Monday, May 23, 2016

Latin Proverbs and Fables Round-Up: May 23

Here is a round-up of today's proverbs and fables - and for previous posts, check out the Bestiaria Latina Blog archives. If you are looking for free copies of my books, you can find links to all of them here: Fables, Proverbs and Distichs — Free PDFs.

HODIE (Roman Calendar): ante diem decimum Kalendas Iunias.

MYTHS and LEGENDS: The art image for today's legend shows The Judgment of Paris; you can also see the legends for the current week listed together here.


3-WORD MOTTOES: Today's 3-word motto is Nolo servile capistrum (English: I refuse to wear the slave's halter).

3-WORD PROVERBS: Today's 3-word proverb is Inscitia confidentiam parit (English: Ignorance breeds confidence).

RHYMING PROVERBS: Today's proverb with rhyme is: Intima per mores cognoscimus exteriores (English: We know a person's inner being through his external habits).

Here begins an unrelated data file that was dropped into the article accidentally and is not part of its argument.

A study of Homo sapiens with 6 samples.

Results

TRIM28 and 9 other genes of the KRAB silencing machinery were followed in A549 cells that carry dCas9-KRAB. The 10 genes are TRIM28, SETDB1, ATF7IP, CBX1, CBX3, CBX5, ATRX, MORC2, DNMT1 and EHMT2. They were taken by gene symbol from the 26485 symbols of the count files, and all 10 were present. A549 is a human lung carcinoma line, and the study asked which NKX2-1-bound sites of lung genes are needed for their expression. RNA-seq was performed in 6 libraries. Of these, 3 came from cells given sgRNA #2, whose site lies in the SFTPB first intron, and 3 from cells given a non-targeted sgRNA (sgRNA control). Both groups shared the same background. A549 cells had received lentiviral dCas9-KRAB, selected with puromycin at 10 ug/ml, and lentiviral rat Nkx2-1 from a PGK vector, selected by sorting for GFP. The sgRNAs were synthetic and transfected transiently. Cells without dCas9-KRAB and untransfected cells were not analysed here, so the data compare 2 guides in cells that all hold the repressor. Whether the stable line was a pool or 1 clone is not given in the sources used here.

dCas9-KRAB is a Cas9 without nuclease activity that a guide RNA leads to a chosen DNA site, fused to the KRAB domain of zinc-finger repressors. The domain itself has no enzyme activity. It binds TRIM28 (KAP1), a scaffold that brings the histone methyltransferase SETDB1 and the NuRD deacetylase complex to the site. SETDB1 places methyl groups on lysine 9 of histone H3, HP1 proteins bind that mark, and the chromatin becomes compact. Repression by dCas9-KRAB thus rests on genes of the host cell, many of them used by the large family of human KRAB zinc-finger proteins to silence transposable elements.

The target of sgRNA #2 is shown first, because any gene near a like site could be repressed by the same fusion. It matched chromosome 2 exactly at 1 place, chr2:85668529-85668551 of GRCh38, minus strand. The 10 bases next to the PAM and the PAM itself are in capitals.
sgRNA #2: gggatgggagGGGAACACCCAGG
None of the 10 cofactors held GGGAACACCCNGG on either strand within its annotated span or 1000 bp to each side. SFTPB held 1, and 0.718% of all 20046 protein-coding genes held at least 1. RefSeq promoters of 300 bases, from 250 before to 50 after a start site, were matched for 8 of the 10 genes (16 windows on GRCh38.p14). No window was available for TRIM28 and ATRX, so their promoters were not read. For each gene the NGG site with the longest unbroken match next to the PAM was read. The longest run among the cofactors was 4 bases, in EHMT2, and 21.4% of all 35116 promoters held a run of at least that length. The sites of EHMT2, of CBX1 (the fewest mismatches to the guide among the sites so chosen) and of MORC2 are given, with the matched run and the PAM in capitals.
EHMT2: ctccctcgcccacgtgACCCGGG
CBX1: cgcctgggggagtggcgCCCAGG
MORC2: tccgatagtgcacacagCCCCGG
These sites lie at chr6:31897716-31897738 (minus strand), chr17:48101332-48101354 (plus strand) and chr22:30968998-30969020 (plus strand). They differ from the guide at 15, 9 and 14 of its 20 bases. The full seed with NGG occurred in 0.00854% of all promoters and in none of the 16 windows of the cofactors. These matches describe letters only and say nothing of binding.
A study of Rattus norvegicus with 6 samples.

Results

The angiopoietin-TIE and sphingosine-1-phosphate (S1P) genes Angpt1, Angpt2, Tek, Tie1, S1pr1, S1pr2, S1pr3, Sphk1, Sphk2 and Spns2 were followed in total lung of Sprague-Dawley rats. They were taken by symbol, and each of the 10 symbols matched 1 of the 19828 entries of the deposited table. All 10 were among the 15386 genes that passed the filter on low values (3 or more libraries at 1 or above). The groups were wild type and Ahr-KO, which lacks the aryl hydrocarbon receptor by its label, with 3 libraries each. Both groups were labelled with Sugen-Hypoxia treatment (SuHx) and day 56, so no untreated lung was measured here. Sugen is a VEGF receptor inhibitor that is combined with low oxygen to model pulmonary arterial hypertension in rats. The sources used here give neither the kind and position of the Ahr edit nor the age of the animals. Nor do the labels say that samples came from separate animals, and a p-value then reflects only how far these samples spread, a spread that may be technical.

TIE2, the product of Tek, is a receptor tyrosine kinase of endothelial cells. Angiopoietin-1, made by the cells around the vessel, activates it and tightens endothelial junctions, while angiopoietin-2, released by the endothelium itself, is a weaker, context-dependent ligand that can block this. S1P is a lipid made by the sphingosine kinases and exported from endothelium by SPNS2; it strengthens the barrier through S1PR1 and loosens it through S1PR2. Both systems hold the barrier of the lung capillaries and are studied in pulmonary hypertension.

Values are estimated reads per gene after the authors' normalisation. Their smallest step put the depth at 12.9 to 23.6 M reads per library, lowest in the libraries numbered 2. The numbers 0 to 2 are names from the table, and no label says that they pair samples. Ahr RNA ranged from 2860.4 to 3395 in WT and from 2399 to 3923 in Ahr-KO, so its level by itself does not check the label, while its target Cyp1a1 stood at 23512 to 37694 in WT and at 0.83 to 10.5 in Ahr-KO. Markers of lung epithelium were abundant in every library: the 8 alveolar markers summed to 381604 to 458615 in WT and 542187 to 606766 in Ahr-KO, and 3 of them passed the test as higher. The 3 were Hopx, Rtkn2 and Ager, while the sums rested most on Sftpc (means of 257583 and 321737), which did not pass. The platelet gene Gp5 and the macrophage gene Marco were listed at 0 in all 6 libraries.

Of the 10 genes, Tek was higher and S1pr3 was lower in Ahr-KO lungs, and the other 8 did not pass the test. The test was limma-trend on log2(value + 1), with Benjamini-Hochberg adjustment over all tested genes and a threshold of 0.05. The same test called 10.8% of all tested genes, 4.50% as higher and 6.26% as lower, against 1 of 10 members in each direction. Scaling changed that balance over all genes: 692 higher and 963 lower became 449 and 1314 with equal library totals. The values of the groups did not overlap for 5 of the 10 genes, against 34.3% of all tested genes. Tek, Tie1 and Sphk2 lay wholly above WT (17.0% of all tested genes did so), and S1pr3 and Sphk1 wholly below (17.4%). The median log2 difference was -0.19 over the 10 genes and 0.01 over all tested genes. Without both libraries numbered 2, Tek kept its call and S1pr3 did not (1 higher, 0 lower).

VULGATE VERSES: Today's verse is Ambulate dum lucem habetis ut non tenebrae vos comprehendant (John 12:35). For a translation, check out the polyglot Bible, in English, Hebrew, Latin and Greek, at the Sacred Texts Archive online.

ELIZABETHAN PROVERBS: Here is today's proverb commentary, this time by Taverner: Sub ipsius indicio sorex perit: The Rat dieth by utteryng of her self. This Proverbe toke the beginning of the propertie of this vermin for the Rattes be wonte to make a noyse muche more than mice do, and do more rumble about and make a noysom crieng while they gnaw candels endes or such other trifels to whiche noyse many men harkeninge forthwith though it be in the darke night throw at them and to kill them. Semblably many men and women there be which by theyr owne noyse, and be wraying of them selves, seke their owne bande and destruction.

BREVISSIMA: The distich poster for today is Lex Omnibus Una. Click here for a full-sized view. I'm sharing these with English translations at Google+ now too.

And here are today's proverbial LOLcats:

Iratum noli stimulare.
Do not provoke someone who is angry.

Re magis quam specie.
The thing itself rather than appearance.


FABULAE FACILES: The fable from the Fabulae Faciles widget is Formica Alata, a story about being careful what you ask for (this fable has a vocabulary list).

MILLE FABULAE: The fable from the Mille Fabulae et Una widget is Avara et Gallina, another fable about unintended consequences.

Mulier et Gallina Obesa

Growth Mindset Memes. For more about this growth cat, see this blog post. Altius tendo. I will go higher.